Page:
Area Departure ATC communications and procedures

After takeoff from a towered airport, we will contact the air traffic control facility assigned in our clearance. The controller will then provide us instructions for transition to the en route phase of the flight. This is accomplished through assigning a heading to join your route or clearing you to a fix along your route.

For a few examples, say we were cleared from the Columbia Regional Airport to the Keokuk Municipal Airport via Hallsville, victor 63 Quincy, direct. Air traffic control could do a number of things to get us established on our route after departure. They could clear us direct Hallsville and tell us to resume our own navigation from there. They may give us a vector past Hallsville, such as a 020 heading to join victor 63. If we are GPS equipped, they would, in this case, more than likely just say cleared direct Keokuk Municipal Airport.

If your departure was from a non-towered airport, the initial clearance will contain the instructions for joining the route by which you have been cleared.

SID Charts and Procedures

If you departed from or near an airport with a significant amount of air traffic, you may be assigned a departure procedure as part of your clearance. For example, on a flight from Kansas City International Airport to Jefferson City Memorial Airport, you may be cleared “via the Lakes Eight Departure, Columbia Transition, direct”.


Take note of other important information contained on the departure procedure. The route description states that from any runway, you should fly your assigned heading and altitude for vectors to the appropriate route. This is another way of saying you will receive instructions to join your route after departure. It continues, stating you should expect your filed altitude 10 minutes after departure. A description of the graphically depicted route then follows. Although this particular departure procedure does not, many procedures list initial altitudes to be used. You should also take note of the departure frequency shown in the corner of the chart. In this case, it is 123.95.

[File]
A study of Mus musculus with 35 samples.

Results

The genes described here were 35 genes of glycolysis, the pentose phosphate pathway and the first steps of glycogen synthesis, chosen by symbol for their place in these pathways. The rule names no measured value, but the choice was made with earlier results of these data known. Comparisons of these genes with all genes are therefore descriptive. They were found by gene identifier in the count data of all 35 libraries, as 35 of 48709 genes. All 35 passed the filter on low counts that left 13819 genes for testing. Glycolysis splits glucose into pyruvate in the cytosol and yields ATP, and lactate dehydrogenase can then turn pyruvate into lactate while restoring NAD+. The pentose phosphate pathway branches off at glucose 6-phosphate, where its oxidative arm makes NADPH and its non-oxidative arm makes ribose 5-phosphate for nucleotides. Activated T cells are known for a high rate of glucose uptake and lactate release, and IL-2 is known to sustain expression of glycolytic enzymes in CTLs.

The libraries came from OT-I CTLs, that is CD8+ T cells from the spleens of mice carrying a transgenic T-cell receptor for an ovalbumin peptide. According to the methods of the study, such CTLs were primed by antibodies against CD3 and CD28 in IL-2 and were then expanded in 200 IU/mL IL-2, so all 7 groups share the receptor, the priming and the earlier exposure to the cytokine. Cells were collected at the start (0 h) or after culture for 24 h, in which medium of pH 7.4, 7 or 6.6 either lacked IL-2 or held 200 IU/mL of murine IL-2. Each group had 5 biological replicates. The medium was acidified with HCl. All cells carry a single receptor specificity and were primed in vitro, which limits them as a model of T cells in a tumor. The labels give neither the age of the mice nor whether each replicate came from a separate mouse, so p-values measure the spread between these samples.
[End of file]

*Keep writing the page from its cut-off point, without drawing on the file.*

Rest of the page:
Finally, look for any notes on the chart. This procedure states “RADAR required”. This means that air traffic control will not assign this route when they are not capable of providing you radar vectors to join your route. The purpose of this note is to make pilots aware. Should radar not be available and you be assigned this departure procedure, you should ask air traffic control what is going on. Maybe a mistake was made, or perhaps you are just not aware of their plan for you.

The way air traffic control assigns a departure procedure can vary between facilities and even between controllers. Sometimes, controllers will restate items contained on a departure procedure.

For example, clearance delivery may issue your clearance as, “Cessna seven zero eight golf lima, cleared to the Jefferson City Missouri Airport via the Lakes Eight Departure, Columbia transition, then as filed. Maintain 3000, expect 5000 one zero minutes after departure. Departure frequency is 123.95, squawk 4207.”

This is identical to saying, “Cessna seven zero eight golf lima, cleared to Jefferson City Memorial Airport via the Lakes Eight Departure, Columbia Transition. Maintain 3000, squawk 4207.”